May. 17th, 2017

dmilewski: (Default)
 I drove a white, 2012 Hyudai Sonata last night. Very nice car. Manager special. I might just buy this thing. I'm 90% there.
dmilewski: (Default)
When I think of sexism, I think of it this way:
  • Male on Female sexism
  • Male on Male sexism
  • Female on Female sexism
  • Female on Male sexism
As a basic rule, the presence of any one sexism doesn't nullify the existence of any other. In my opinion, they cohabitate very well and are equally invisible to those within society. So when I say that I don't think a non-sexist book is possible, I keep the above in mind. In attempting to solve the problem of sexism, I may solve sexism with sexism, which isn't really an improvement.

I see "cowardice" as a form of Male on Male sexism. If a man is perceived of as not-manly-enough, then he is labeled a coward and the other men are allowed to treat him as lesser. That's sexism. I'm sure that with a little thought, you can think of examples for the remaining matrix.

If it is, in fact, impossible to write a non-sexist book, then how should I proceed? At this point, I have no choice but to prioritize. Which form of sexism am I going to focus on? That means that I may be successful in one area, yet still culpable in another.

Piers Anthony's Xanth series is a perfect example of this mixed message. Objectively, his works are sexist. It's a low bar to demonstrate this sexism. Yet, at the same time, many girls and women flocked to reading his adventures. Why? Because in Xanth, everyone had a magic power, and that power existed regardless of gender. That's non-sexist. In every adventure, at least one woman was present. That's non-sexist. In almost every adventure, both males and females played villains. That's non-sexist. At a time when women were often completely missing from fantasy stories, they were all over the place in Xanth, integral and important to the world. These women just didn't lounge about, either. They had jobs or ambitions. They participated. That's non-sexist. And female monsters are frequently shown as not-so-monstrous once you get to know them.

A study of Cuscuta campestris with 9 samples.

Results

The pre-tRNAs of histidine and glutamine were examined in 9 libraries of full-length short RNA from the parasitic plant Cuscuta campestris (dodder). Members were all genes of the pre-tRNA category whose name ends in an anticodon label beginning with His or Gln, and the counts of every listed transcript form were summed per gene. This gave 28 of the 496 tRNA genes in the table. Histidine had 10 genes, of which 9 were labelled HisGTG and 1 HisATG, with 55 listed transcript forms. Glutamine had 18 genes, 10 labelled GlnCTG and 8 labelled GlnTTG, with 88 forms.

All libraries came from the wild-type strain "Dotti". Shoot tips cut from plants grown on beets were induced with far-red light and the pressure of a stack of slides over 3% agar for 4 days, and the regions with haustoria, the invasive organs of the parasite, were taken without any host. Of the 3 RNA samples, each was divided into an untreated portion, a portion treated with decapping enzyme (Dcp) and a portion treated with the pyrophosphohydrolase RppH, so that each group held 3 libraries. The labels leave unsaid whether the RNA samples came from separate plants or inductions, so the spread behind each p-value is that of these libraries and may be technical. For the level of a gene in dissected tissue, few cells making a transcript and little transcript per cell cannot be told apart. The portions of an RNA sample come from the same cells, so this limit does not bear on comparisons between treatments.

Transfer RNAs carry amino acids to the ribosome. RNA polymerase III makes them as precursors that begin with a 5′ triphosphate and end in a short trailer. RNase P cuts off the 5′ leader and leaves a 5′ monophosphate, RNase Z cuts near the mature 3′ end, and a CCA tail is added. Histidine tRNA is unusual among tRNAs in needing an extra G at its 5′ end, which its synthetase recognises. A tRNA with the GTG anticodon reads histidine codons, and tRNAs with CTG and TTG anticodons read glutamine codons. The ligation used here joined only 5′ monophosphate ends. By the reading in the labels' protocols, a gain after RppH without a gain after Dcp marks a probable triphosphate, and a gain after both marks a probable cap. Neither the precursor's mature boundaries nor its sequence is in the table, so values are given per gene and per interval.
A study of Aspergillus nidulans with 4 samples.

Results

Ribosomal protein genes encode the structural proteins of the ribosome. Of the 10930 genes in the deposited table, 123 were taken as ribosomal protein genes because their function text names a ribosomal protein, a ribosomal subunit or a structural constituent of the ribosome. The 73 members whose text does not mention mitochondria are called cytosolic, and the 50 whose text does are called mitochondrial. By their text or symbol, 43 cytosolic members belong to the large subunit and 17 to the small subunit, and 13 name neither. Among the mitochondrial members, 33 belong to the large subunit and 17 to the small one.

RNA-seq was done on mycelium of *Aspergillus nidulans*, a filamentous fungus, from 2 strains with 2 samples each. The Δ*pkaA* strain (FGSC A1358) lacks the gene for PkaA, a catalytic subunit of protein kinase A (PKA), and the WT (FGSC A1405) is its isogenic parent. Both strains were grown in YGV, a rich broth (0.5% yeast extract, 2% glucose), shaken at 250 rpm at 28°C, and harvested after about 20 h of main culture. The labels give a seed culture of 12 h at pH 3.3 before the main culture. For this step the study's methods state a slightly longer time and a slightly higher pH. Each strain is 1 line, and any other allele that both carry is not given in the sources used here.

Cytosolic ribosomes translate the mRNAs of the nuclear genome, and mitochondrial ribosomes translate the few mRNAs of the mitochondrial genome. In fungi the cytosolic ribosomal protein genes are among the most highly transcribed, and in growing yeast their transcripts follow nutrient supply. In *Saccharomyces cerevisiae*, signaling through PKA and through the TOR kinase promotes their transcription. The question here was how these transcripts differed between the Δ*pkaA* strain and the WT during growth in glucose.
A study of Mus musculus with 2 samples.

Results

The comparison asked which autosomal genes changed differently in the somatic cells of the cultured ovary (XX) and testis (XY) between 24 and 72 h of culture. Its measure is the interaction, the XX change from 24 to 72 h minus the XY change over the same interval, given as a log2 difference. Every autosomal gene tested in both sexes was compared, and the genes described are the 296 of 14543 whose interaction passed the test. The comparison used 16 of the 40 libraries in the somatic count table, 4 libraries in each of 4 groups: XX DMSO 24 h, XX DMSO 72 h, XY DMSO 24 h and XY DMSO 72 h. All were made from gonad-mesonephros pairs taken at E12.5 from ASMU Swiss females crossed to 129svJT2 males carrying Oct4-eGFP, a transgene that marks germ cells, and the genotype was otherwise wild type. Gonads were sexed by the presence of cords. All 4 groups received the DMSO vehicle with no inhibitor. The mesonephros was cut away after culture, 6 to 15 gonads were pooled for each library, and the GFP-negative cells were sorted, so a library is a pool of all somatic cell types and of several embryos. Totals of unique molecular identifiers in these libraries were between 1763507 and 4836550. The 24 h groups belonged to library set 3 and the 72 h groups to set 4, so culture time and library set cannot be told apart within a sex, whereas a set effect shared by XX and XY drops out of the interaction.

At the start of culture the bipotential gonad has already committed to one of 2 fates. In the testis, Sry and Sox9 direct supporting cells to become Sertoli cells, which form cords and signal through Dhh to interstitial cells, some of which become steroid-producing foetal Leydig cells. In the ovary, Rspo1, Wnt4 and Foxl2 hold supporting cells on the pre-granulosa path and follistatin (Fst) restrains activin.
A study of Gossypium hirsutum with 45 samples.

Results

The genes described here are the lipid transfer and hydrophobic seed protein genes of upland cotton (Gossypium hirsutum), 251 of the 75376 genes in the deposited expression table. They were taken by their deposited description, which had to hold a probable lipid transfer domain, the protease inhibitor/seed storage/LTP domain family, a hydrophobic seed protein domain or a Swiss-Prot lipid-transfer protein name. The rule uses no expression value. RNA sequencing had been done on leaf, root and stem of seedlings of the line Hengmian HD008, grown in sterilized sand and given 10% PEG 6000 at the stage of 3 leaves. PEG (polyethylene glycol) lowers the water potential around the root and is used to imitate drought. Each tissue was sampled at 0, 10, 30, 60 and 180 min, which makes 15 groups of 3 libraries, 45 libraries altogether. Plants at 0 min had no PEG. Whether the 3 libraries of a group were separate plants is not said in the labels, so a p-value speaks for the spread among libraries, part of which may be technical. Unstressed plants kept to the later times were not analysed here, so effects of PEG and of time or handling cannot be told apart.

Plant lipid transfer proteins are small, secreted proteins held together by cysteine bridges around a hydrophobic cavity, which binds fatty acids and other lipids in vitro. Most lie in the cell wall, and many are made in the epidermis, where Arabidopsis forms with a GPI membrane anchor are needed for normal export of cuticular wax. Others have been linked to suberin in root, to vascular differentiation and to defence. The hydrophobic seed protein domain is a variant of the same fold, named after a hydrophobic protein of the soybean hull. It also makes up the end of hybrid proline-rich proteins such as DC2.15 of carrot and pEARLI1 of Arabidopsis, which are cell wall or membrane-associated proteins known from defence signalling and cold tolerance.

So is Xanth really sexist? Of course it is. Is it non-sexist? Of course it is. An adult conversation allows for these contradictions. The audience reading these novels each saw what they needed. While one population legitimately saw the sexist treatment of women, another populations legitimately saw what it's hungry for, the imagined ability to do great sorceries, turn others to stone, ride worms through stones, commanding plants, and a thousand other possibilities. I suppose like any engineered creation, a writer must make compromises in order to create anything.

Thinking of sexism as a binary does a disservice to both us and the work in question. (Binaries usually don't work.) I think that a more useful question is: how and where is any work sexist or non-sexist, and what are the merits and dismerits of these choices?